When You Need To File For Personal BankrupcyPosted at by PConran on category Bankruptcy
Personal bankruptcy is always an option for those who have had possessions, such as vehicles, repossessed by the Internal Revenue Service. Your credibility with lenders will take a beating, but sometimes bankruptcy is the only thing you can do. Continue reading for more information about how and why to file for bankruptcy.
Once a person’s debts outstrip his or her ability to repay them, bankruptcy may be the only option left. When you are faced with this issue, begin to familiarize yourself with your state’s laws. Every state has a separate law having to do with bankruptcy. For example, whether or not you can keep your home, as well as what you need to do to keep it, is different for every state. Be aware of bankruptcy laws before filing your claim.
Do not attempt to pay your taxes with your credit cards and subsequently file for bankruptcy. Credit card debt is handled charge by charge during bankruptcy, and in most states, tax debt cannot be discharged through bankruptcy. Generally speaking if you can discharge the tax, you can discharge the debt. Therefore, you have no reason for use of a credit card, if the amount is to be discharged in due process of the bankruptcy.
Make sure you are always providing honest documentation whenever you have to file for personal bankruptcy. It is vital that you disclose all information about your assets and income so there are no delays or penalties, such as a court barring you from filing again later in the future.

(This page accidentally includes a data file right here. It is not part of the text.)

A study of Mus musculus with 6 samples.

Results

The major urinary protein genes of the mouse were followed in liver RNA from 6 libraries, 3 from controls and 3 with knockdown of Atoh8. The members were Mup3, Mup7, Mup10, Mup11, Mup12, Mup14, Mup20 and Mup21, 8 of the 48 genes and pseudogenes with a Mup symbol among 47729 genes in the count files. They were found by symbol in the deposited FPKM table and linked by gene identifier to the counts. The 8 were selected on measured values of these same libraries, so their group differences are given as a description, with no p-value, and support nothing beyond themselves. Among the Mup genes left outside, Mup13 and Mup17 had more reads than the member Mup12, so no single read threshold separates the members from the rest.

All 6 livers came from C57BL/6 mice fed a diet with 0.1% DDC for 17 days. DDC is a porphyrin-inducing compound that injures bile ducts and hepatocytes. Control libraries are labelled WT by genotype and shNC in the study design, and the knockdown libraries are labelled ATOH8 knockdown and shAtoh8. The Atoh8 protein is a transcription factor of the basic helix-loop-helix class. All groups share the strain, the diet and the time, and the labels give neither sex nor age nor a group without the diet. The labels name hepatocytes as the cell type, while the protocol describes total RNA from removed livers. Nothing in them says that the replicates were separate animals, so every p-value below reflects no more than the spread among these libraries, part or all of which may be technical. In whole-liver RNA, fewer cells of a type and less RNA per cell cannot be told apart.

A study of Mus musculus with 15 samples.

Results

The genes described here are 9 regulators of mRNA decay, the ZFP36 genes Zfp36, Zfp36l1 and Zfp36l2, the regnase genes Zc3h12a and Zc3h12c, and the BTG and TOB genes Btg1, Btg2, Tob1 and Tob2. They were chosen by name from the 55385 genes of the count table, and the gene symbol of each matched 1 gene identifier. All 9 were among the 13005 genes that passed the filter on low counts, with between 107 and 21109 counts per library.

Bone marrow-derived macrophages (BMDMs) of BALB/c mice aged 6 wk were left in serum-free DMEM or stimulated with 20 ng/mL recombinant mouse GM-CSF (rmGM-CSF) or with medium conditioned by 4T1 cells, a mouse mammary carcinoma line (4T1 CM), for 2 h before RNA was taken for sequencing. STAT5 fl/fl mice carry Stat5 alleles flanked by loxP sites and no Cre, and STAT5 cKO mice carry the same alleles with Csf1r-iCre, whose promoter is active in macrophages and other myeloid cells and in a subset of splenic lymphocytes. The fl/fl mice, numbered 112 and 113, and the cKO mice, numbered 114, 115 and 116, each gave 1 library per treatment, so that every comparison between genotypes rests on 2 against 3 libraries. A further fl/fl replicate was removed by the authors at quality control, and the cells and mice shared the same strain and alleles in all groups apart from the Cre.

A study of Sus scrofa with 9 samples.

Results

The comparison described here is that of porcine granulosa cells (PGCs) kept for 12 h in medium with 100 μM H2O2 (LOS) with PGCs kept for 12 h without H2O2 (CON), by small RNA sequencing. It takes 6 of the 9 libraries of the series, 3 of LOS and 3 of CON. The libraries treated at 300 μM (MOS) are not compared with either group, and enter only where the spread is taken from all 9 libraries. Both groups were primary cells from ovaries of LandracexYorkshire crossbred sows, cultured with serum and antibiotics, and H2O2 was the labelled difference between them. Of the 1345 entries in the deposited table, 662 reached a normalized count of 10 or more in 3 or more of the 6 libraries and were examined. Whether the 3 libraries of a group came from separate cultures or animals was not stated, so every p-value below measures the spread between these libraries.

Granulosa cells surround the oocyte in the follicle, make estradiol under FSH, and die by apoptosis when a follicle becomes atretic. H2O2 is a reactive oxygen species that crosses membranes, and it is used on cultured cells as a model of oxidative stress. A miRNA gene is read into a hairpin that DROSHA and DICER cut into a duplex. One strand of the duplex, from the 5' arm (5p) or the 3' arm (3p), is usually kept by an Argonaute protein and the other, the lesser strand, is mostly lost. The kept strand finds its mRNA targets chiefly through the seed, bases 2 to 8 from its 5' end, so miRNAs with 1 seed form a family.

Don’t file for bankruptcy until you know what assets of yours can and can’t be seized. The Bankruptcy Code lists the kinds of assets which are exempted when it comes to the bankruptcy process. It is vital that you completely understand which assets are protected and which assets can be seized prior to filing bankruptcy. If you don’t read this list, there is a chance that you might get nasty surprises when they take your things away.
Don’t hide assets or liabilities when filing for bankruptcy. Regardless of the agency you file with, ensure that you tell them all they should know about your current financial situation, regardless of how good or bad it is. Keeping secrets or trying to outsmart everyone is not a wise move.
You can take steps to hang onto your house. You do not have to lose your home in the process of a bankruptcy. If your home has significantly depreciated in value or you’ve taken a second mortgage, it may be possible to retain possession of your home. Otherwise, look into the homestead exemption which may allow you to stay in your home if you meet financial threshold requirements.
You could see about filing for Chapter 13 personal bankruptcy. If you currently have some income and don’t have more than $250k in debt, you can declare bankruptcy. This will allow you to keep your personal property and real estate and repay your debts via a debt consolidation plan. This plan normally lasts from three to five years, in which you’ll be discharged from unsecured debt. Keep in mind that missed payments will trigger dismissal of your case.
As said in the beginning of the article, personal bankruptcy is always an option. But, you need to look at all of your options rather than jumping into bankruptcy head first. Bankruptcy has negative ramifications that can effect you for awhile. The best way for someone to avoid financial stress and hold onto their possessions is by learning more about bankruptcy.